August 21, 2010

I want to try and get at this problem using an example that is non-religious and somewhat less political than what’s been in the news lately, so I’ll use bicycle accidents.

Now that newspapers have comment threads in their online sections, we can find out what a broader section of their readers really think, as opposed to just the narrow slice that made it into their editorial section back in the dead-tree days.  And being a cyclist, (my in-group) I read stories about bicycle accidents.  They are all too predictable.

It usually goes like this: some cyclist is hit by a car and killed.  He isn’t around to tell his story, so the motorist reports what happened from his perspective.  The Economist portrays the American motorist’s perspective like this:

LIVING in California mainly means driving, or sitting in traffic in hope thereof. This is boring. So what is one to do? For a start, there are billboards everywhere, many of them digital and flashing, lest drivers get distracted by traffic signs, pedestrians or other cars. Most drivers, however, focus on texting, e-mailing and talking on their mobile phones.

Anyway, there’s the story in the newspaper’s website, waiting for readers to dispense their common wisdom.  And it doesn’t take long before you realize that many motorists don’t just dislike cyclists, don’t limit themselves to finding cyclists a distraction from all the texting and cell-phone and such… they actively HATE bicyclists, as a class.

I’m not using hyperbole here; the vitriol is stunning, and only begins with generalizations.  The first cyclist who leaves a comment will be physically (and illogically) threatened by motorists: “If you tangle with me, you will be street pizza”, and then it starts to get kind of nasty.  There’s clearly more going on than just well-considered commentary on traffic safety.

Of course, some cyclists are jerks, and so are some motorists.  But the commenters spewing their hatred on the two-wheeled set don’t hate other motorists as a class.  They yell at individual motorists who cut them off, while a bicyclist who does the same thing seems to represent the whole class of those who brave the traffic under muscle power.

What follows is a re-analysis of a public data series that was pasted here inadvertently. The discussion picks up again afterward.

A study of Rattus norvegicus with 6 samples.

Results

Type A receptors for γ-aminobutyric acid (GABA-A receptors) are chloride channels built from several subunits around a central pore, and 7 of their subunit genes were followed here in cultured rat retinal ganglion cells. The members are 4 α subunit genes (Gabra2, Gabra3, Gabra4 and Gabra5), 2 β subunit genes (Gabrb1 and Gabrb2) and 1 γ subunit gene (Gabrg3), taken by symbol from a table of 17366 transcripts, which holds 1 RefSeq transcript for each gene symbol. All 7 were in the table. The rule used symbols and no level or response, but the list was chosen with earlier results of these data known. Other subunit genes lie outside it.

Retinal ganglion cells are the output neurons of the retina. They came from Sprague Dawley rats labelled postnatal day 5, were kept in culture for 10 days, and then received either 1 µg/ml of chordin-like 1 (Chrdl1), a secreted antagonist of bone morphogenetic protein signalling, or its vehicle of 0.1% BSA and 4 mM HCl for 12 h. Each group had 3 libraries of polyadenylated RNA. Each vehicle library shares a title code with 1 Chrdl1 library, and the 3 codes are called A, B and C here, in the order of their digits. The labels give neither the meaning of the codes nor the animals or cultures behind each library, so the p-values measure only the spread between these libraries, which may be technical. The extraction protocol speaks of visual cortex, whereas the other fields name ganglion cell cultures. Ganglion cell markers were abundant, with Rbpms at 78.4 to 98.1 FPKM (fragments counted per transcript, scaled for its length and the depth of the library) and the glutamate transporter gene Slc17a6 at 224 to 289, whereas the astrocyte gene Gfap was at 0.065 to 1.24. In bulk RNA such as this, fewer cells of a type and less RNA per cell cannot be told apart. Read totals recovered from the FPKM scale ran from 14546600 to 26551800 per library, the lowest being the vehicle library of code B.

That’s a cognitive filter at work.  Essentially a cognitive filter excludes contrary information, and it doesn’t take long for the resulting body of mental evidence to prove incontrovertibly that the original assumption was right.

See, that’s not a prejudice at all; it’s a conclusion drawn from evidence!  And we’ve just arrived at the reason that bigots almost never admit to being prejudiced.  As they understand the issue, they aren’t, and why do you keep insisting that they are?

Take the hypothetical cyclist-hating motorist, Ralph.  He never notices the cyclist who is attentive, careful and courteous on the road; he notices the one who cut him off at a stopsign.  It begins to bother him that cyclists have more freedom of movement than he does.  (Cyclist can see and hear better than he can too, but he doesn’t know that).

Ralph doesn’t hate motorists; he is one.  He isn’t inclined to remember the times he has made some other driver slam on the brakes and when another motorist does it to him, he doesn’t ascribe the behavior to his whole group.

Some of this filtering is done for him.  Newspapers don’t run articles that say; “Man rides bicycle as carefully as possible” because that would be a boring article.  Even if they do occasionally run an article like that, Ralphie won’t read it.

Of course the newspaper runs countless articles about terrible accidents between car drivers, but he won’t make a case against car drivers as a class from those articles.  Drivers are in the majority, and so is he, and that’s that.

Similar filtering is done for him by office chatter: the self-reinforcing conversation of in-groups does not encourage the telling of stories that contradict the accepted narrative.

How long before Ralph makes an account with the newspaper website and starts typing angry, hateful comments about cyclists?

OK, forget about cyclists now, if you can.  Substitute other minority groups: gays, Latinos, blacks, motorcyclists, Catholics, skateboarders, Socialists, Cubs fans, Muslims, Greens, Segway riders, Mormons…  Did you feel your Personal Irritation meter needle twitching up and down as you read through that list?  That’s your brain activating its cognitive filters.

Here’s the bad news: nobody is without cognitive filters.  There are external filters that we can’t get rid of, and internal filters that are deeply ingrained by our culture.  About the best we can hope to do is be aware of them and make course corrections.  It isn’t an exact process, but we should damn well try.  The alternative is for our personal contributions to society to be more injustice, prejudice, and violence or support for violence.


  • Bicycles are hardly non-political, just like cars or trains or streets.  But curiously as more cyclists are on the road, cyclist deaths are dropping.  It’s a very good sign!

  • My apologies if your name is Ralph…
  • The bigger the offensive act, the more powerfully it generalizes to the whole group.
  • We Americans aren’t famous for our global perspective, but the fact is, we’re a cultural minority… just a very powerful (because we’re rich) minority.  People in other countries run this filter on us, triggered by Ugly American behavior.
Categories: Uncategorized
  1. jhon
    September 3, 2010 at 00:36 | #1

    Super post there! Comprehensive and well collated material. Thanks for sharing.